Bolten: Loyalist, Lone Voice of Dissent—or Both?

New White House chief of staff challenged Cheney on 9-11

 WASHINGTON, D.C.—On the morning of 9-11, it was White House Chief of Staff Andrew Card who whispered into the president's ear the news of a plane hitting the World Trade Center. As President Bush sat reading My Pet Goat to a Florida elementary classroom, Card told him, "America is under attack."

That same morning in Washington, at around 10 o'clock, Joshua Bolten, then deputy chief of staff, sat with Vice President Dick Cheney, Cheney's wife, Lynne, and a group of political aides in the Presidential Emergency Operations Center (PEOC) located below the East Wing of the White House. When Dick Cheney gave the orders to shoot down commercial aircraft headed for Washington, only one person challenged his authority.

That person was Joshua Bolten, the person Bush has just announced will become his new of staff, replacing the veteran Card.

And in the unlikely event there is ever to be any serious investigation of what happened that morning, Bolten's testimony would be crucial. With the rest of the government in a state of confusion as the 9-11 attacks unfolded, the real authority of government rested in the hands of the people in the PEOC. President Bush was jumping about the country on Air Force One, and in intermittent phone contact with Cheney.

The key question was whether to order the U.S. military to shoot down commercial planes full of passengers so the aircraft could not become suicide missiles aimed at the nation's capital. The chain of command goes from the president to the secretary of defense and then on down to the various commanders. Under the 25th Amendment, the vice president does not have authority to issue such an order.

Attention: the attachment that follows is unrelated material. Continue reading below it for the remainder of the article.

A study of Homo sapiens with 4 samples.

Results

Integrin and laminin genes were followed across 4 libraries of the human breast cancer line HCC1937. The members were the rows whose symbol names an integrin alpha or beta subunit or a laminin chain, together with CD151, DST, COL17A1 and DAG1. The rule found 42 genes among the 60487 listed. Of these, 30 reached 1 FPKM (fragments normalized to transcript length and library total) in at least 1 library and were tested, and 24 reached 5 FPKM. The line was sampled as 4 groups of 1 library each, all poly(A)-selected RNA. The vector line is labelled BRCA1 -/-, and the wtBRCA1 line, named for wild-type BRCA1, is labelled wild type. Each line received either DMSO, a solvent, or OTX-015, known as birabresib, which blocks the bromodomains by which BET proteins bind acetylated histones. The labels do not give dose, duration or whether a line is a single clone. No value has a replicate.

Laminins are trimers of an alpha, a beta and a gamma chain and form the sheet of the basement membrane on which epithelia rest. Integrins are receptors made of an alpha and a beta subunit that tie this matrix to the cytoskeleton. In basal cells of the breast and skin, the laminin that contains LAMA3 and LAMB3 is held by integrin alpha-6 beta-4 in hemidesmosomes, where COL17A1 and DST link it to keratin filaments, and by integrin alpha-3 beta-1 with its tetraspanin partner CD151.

Nevertheless, Cheney did issue the orders. Cheney told the 9-11 Commission that just before 10 a.m. he called President Bush to say the Air Force was trying to set up combat air patrol over Washington and needed to have rules of engagement—i.e. the authority to shoot down planes that did not obey orders to change course. Cheney said the president signed off on that issue, and press accounts said the president remembered answering the notion with “You bet.”

The 9-11 Commission reported, “There is no documentary evidence for this call,” but tactfully went on to note that the “relevant sources are incomplete.” According to press accounts, some of the commission staff think the call never took place.

The only reported challenge to Cheney's actions that day came from Joshua Bolten. According to the 9-11 report, Bolten “told the Commission that he watched the exchanges and, after what he called ‘a quiet moment,' suggested that the Vice President get in touch with the President and confirm the engage order. Bolten told us he wanted to make sure the President was told that the Vice President had executed the order. He said he had not heard any prior discussion on the subject with the President.” Cheney then made this well documented call to the president, who concurred with Cheney's decision.

Roundly described as a Bush loyalist, Bolten nonetheless struck several political observers as likely to bring a fresh viewpoint to the administration. Consider this from the Houston Chronicle:

"He will reach out to a broader range of people to hear their point of view," said Robert Hormats, vice chairman of Goldman Sachs International and a Democrat who has worked with Bolten. "The worst way to serve the president is to narrow the range of advice he is exposed to."